Canada Post has issued a stamp to honour the late Tommy Douglas, "the Greatest Canadian", the father of universal medicare in Canada.
The stamp, issued on Friday, was to mark the 50th anniversary of the passing of Saskatchewan's 1962 Medical Care Insurance Act.
For philatelists, or stamp collectors, the official first-day cover was cancelled in Weyburn, the place Douglas first called home when he arrived in 1930 as the pastor of Calvary Baptist Church.
Born in Scotland in 1904, he came to Canada with his family in 1910 and settled in Winnipeg.
Growing up poor, he developed an infection that would have cost him his leg except that his father met a generous surgeon who agreed to treat Tommy for free, as long as his students could watch.
Through this experience, Tommy came to feel there was a need for all to have access to medical care.
"As Canadians, we take many things for granted, including universal health care. It's an honour to recognize the 50th anniversary of Saskatchewan's Medical Care Insurance Act and the man who made it all possible," said Jim Phillips, director of Stamp Services for Canada Post.
As the leader of the first socialist government in North America, Douglas brought many changes and social reforms to the province, and led the way for the changes to occur in the rest of Canada.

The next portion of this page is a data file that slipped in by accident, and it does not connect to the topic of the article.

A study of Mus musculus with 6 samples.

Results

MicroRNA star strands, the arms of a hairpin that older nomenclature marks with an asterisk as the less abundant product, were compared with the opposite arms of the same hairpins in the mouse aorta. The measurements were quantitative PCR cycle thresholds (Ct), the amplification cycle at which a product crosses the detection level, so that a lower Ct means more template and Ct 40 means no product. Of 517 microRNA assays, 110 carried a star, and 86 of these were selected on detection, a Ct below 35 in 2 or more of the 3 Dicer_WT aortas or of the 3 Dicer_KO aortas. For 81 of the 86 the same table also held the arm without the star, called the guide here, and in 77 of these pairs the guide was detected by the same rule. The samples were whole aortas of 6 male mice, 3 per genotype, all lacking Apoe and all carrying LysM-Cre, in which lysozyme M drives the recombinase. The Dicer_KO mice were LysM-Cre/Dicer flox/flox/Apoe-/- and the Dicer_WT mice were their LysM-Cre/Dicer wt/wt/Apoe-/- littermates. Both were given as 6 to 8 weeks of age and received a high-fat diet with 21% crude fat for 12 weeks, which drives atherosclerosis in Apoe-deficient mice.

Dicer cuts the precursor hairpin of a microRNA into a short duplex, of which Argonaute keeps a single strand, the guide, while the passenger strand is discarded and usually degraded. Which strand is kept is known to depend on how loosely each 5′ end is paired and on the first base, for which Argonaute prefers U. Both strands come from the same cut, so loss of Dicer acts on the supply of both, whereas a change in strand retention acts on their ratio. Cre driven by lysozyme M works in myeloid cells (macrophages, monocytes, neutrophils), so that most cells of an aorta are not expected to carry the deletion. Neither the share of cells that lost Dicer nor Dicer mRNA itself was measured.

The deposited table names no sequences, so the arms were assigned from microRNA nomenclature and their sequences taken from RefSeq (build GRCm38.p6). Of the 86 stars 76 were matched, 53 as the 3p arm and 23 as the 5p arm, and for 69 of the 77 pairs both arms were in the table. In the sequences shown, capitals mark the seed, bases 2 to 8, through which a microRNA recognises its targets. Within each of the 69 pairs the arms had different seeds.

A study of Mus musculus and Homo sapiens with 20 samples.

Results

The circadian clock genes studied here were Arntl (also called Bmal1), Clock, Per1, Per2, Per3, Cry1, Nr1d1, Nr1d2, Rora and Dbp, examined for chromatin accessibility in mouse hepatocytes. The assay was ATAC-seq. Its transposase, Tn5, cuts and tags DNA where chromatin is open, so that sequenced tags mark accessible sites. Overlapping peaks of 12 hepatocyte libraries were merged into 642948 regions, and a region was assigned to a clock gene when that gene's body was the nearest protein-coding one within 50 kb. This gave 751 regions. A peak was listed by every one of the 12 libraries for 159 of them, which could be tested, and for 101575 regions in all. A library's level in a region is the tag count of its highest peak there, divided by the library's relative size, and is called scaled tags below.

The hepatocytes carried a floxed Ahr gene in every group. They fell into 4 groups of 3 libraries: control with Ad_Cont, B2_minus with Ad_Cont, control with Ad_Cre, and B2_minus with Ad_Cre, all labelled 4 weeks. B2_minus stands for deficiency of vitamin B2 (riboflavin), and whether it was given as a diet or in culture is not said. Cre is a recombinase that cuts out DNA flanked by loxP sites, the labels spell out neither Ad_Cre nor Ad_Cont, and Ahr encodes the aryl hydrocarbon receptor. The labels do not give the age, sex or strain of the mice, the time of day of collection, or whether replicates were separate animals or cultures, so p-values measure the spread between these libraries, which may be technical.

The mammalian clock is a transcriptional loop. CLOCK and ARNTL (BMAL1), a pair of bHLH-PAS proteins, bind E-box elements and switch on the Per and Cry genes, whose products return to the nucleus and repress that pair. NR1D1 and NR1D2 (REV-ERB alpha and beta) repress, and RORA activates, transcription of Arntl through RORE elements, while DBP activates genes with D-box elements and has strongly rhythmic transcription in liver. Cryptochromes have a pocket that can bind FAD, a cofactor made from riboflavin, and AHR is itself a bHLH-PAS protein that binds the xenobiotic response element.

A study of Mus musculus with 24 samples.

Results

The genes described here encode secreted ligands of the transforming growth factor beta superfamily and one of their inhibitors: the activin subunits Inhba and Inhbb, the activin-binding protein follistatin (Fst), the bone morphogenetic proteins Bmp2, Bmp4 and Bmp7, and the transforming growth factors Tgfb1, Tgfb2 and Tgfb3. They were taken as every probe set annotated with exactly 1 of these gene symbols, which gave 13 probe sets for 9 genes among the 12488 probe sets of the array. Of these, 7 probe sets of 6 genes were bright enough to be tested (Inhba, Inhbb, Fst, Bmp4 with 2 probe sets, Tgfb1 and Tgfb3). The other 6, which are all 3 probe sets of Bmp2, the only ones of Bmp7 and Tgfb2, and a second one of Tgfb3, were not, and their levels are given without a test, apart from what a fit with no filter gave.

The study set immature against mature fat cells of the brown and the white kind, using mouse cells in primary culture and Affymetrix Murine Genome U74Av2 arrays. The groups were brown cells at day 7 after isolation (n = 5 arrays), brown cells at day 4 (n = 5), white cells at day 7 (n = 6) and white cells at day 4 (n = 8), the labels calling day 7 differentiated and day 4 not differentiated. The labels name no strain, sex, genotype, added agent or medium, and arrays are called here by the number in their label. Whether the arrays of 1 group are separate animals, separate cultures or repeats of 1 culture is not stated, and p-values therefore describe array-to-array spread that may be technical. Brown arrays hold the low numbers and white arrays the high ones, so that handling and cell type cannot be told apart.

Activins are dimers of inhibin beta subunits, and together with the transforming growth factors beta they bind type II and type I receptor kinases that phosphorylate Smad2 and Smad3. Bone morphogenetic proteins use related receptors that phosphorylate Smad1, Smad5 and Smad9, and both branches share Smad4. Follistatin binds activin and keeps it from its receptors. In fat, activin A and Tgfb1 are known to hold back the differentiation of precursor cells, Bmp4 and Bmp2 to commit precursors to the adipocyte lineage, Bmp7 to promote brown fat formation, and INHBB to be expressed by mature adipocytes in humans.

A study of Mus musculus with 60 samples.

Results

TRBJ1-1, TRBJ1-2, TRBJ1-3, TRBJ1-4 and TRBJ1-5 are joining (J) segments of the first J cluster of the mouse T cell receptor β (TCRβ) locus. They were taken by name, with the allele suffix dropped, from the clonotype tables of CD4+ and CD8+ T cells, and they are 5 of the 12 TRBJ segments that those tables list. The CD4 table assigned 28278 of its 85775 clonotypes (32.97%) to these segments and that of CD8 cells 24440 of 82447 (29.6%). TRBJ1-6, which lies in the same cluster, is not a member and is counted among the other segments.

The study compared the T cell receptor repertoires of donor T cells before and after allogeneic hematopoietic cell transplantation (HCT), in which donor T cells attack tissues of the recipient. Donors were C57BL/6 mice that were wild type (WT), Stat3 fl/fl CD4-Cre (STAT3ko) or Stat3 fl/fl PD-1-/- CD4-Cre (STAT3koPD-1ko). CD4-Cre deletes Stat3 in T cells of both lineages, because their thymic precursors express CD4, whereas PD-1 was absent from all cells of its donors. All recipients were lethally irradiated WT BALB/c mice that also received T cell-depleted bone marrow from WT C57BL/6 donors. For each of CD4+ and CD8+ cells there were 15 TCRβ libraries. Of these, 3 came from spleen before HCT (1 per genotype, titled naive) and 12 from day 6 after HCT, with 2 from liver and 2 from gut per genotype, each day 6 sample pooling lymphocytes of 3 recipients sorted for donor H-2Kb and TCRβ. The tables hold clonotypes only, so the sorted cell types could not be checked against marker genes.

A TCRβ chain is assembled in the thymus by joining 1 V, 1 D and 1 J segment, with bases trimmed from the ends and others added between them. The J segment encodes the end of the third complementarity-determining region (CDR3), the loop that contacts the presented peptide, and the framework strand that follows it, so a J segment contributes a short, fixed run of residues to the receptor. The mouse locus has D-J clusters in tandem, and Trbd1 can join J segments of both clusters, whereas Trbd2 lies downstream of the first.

Known as the "father of medicare, he first introduced universal hospitalization in 1947 in Saskatchewan, and in 1959 he first announced a medicare plan for the province.
Douglas, who also served as an MP and the federal leader of the CCF and NDP, died in 1986.
In 2004, the CBC held a nation-wide contest to determine who was "The Greatest Canadian", and Douglas won through a national vote.
After this title was announced and promoted, internationally-renowned sculptor Lea Vivot announced her intention to gift a statue of Douglas to the City of Weyburn; she unveiled her tribute to Douglas, a bronze statue set up on the banks of the Souris River.
She was present at the unveiling in September 2010, along with Douglas' grandson, actor Kiefer Sutherland, and then-provincial NDP leader Dwain Lingenfelter, and then-federal NDP leader, the late Jack Layton.
The stamp designer, Derwyn Goodall, based the design on a famous portrait of Douglas by renowned photographer Yousuf Karsh, putting it against a modern backdrop showcasing the complexity and humane aspect of Canada's medical professions.
For the benefit of stamp enthusiasts, the stamp measures 40mm by 32mm horizontally, with over 13 perforations, and is printed by Lowe-Martin on Tullis Russell paper, using lithography in seven colours plus varnish, and they are tagged on all four sides. The stamps are available through Canada Post in panes of 16 stamps. They are also available by mail order from the National Philatelic Centre, or can be ordered on-line by following the links at canadapost.ca/collecting.